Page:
Tutankhamun’s tomb was discovered in 1922 and provided some great insight into ancient Egypt. There is plenty to learn about the discovery, including when and how the tomb was found, and why it had such an impact.
For example, it may come as a surprise that Tutankhamun has no heart or that the tomb had actually been broken into twice previously.
Tutankhamun, or King Tut, was born in 1342 BC, in the ancient city of Amarna. He ruled Egypt as pharaoh for 10 years from the age of just nine, until his death at age 19, around 1324 B.C.
He wasn’t well known to the modern world until 1922 when British archaeologist Howard Carter chiselled into the intact tomb of King Tut.
There are different theories as to what killed King Tut. He was tall but physically frail, with a crippling bone disease in his clubbed left foot. Traditional inbreeding in the Egyptian royal family also likely contributed to his poor health and early death. DNA tests published in 2010 revealed that Tutankhamun’s parents were brother and sister.
His remains revealed a hole in the back of the skull, leading some historians to suggest that the young king had been assassinated, but recent tests suggest that the hole was made during mummification.
CT scans in 1995 also showed that the king had an infected broken left leg, while DNA from his mummy revealed evidence of multiple malaria infections, all of which may have contributed to his early death.
10 secrets of Tutankhamun’s tomb
1. King Tut’s tomb was very well concealed
Tombs were usually covered, to protect them from discovery by looters, and the tomb was eventually found under more than 150,000 tonnes of rock, including debris from a tomb dug into the hillside above his.
2. It was believed that the tomb wouldn’t be found
Experts believed that every tomb in the valley had already been raided in antiquity or uncovered more recently by archeologists.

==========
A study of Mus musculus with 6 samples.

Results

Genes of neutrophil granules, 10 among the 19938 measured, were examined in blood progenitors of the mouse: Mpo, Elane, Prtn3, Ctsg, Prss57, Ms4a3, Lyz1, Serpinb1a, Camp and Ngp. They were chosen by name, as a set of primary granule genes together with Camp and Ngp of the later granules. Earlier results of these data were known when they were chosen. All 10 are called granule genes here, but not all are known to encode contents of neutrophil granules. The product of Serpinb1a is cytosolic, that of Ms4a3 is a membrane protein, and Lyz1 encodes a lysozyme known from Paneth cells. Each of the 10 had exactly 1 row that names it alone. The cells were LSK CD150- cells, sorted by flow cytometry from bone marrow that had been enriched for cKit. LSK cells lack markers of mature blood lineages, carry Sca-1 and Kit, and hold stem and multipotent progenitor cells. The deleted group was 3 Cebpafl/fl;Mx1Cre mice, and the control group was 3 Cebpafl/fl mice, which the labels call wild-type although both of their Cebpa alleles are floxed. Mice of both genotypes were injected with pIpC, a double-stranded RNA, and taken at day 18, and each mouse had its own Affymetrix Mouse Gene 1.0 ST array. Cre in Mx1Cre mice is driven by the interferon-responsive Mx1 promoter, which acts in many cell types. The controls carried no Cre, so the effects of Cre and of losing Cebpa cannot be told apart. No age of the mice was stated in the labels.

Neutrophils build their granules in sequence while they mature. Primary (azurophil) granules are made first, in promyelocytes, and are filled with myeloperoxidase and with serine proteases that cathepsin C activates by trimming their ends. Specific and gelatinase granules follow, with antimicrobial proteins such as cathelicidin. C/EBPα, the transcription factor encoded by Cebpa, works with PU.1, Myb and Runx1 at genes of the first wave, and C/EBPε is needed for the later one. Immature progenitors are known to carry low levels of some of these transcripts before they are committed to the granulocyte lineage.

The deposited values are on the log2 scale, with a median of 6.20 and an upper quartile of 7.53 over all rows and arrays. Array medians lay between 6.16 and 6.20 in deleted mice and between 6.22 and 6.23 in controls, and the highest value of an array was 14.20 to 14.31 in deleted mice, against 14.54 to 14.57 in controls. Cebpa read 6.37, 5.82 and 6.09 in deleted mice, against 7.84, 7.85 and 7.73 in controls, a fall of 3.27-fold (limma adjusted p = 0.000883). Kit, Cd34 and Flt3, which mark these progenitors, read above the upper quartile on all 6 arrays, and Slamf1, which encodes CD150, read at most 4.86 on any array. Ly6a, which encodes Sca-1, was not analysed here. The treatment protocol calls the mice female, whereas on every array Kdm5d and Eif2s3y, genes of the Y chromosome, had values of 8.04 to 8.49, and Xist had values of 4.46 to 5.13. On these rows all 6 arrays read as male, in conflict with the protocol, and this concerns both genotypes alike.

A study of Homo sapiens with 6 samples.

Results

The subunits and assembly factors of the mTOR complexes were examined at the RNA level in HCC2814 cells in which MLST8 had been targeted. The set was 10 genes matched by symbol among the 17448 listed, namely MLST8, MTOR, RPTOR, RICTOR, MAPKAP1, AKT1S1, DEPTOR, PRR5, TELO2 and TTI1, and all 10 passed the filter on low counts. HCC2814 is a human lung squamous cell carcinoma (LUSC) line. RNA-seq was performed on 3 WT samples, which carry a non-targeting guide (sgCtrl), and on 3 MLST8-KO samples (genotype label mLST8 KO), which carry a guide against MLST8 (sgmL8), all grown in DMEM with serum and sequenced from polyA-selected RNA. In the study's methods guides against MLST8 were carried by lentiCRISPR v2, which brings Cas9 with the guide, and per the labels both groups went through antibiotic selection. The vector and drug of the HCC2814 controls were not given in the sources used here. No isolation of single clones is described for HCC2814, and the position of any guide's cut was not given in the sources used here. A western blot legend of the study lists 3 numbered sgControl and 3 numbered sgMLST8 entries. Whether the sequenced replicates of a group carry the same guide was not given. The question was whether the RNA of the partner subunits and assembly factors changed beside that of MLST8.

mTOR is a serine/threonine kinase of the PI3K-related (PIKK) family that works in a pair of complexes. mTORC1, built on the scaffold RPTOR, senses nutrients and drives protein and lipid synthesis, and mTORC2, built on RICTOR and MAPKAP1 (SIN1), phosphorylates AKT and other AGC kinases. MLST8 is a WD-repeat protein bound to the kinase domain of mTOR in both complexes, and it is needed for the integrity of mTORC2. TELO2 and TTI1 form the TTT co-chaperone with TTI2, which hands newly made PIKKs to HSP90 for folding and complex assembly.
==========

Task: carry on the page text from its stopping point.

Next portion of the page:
3. Howard Carter went against public opinion to find the tomb
Before King Tut’s tomb was found in November 1922, from the top step of a staircase leading down to the tomb, the team was close to giving up. Carter dug for years prior to this, including during World War I.
4. This wasn’t the first time King Tut’s tomb had been broken into
Though the door at the base of the stairs was sealed shut, the tomb had been broken into twice before.
The robberies had taken place shortly after the burial, 3,000 years before Carter’s discovery. Thieves had stolen mostly smaller objects, such as precious stone beads.
Ancient officials had patched the openings in the outer door with plaster and imprinted it with new seals after the last breach. An inner door down a sloping corridor had also been broken and resealed.
5. Tutankhamun was buried in the world’s most expensive coffin
Two of Tutankhamun’s three coffins were made of wood, and covered with gold foil. The inner part of the coffin was made from thick sheets of beaten gold. This coffin measures 1.88m in length, and weighs 110.4kg.
If it were to be scrapped today it would be worth well over £1m.
6. It created new standards for archeology
Carter carried through techniques he had learned in previous work, setting a new bar for meticulousness and comprehensiveness.
The team used electric lighting (which was an innovative tool at the time), installed by Harry Burton, the world’s most accomplished archeological photographer.
And numbered cards were placed next to individual artifacts in photos before any object was moved. Carter also took detailed notes and sketches before packing up the inventoried treasures.
7. The discovery enhanced our understanding of Egyptian history
The tomb provided valuable insight into Egyptian history, with chariots, weapons, clothing, and artwork reflecting methods of warfare and who Egypt deemed its enemies.
And the undisturbed coffins helped archeologists to understand elaborate burial practices.
8. “Tutmania” spread across the world
Burton’s detailed photos meant that the news could reach a worldwide audience.
Egyptian and Tutankhamun motifs appeared in popular music and fashion, architecture and décor, and even in brands of fruit.
9. Egypt retained control of Tut’s antiquities
King Tut’s treasures didn’t leave the country. Lord Carnarvon had expected to claim a large share of the antiquities but, because Egypt was asserting its independence from Britain at the time of the discovery, the government insisted that they all remain in Egypt.
10. Today, King Tut still inspires a new generation of archaeologists
Tut quickly became a symbol of Egyptian identity at the time of discovery. Now more than 5,000 treasures from the tomb will be the centerpiece of a new Grand Egyptian Museum, in Cairo.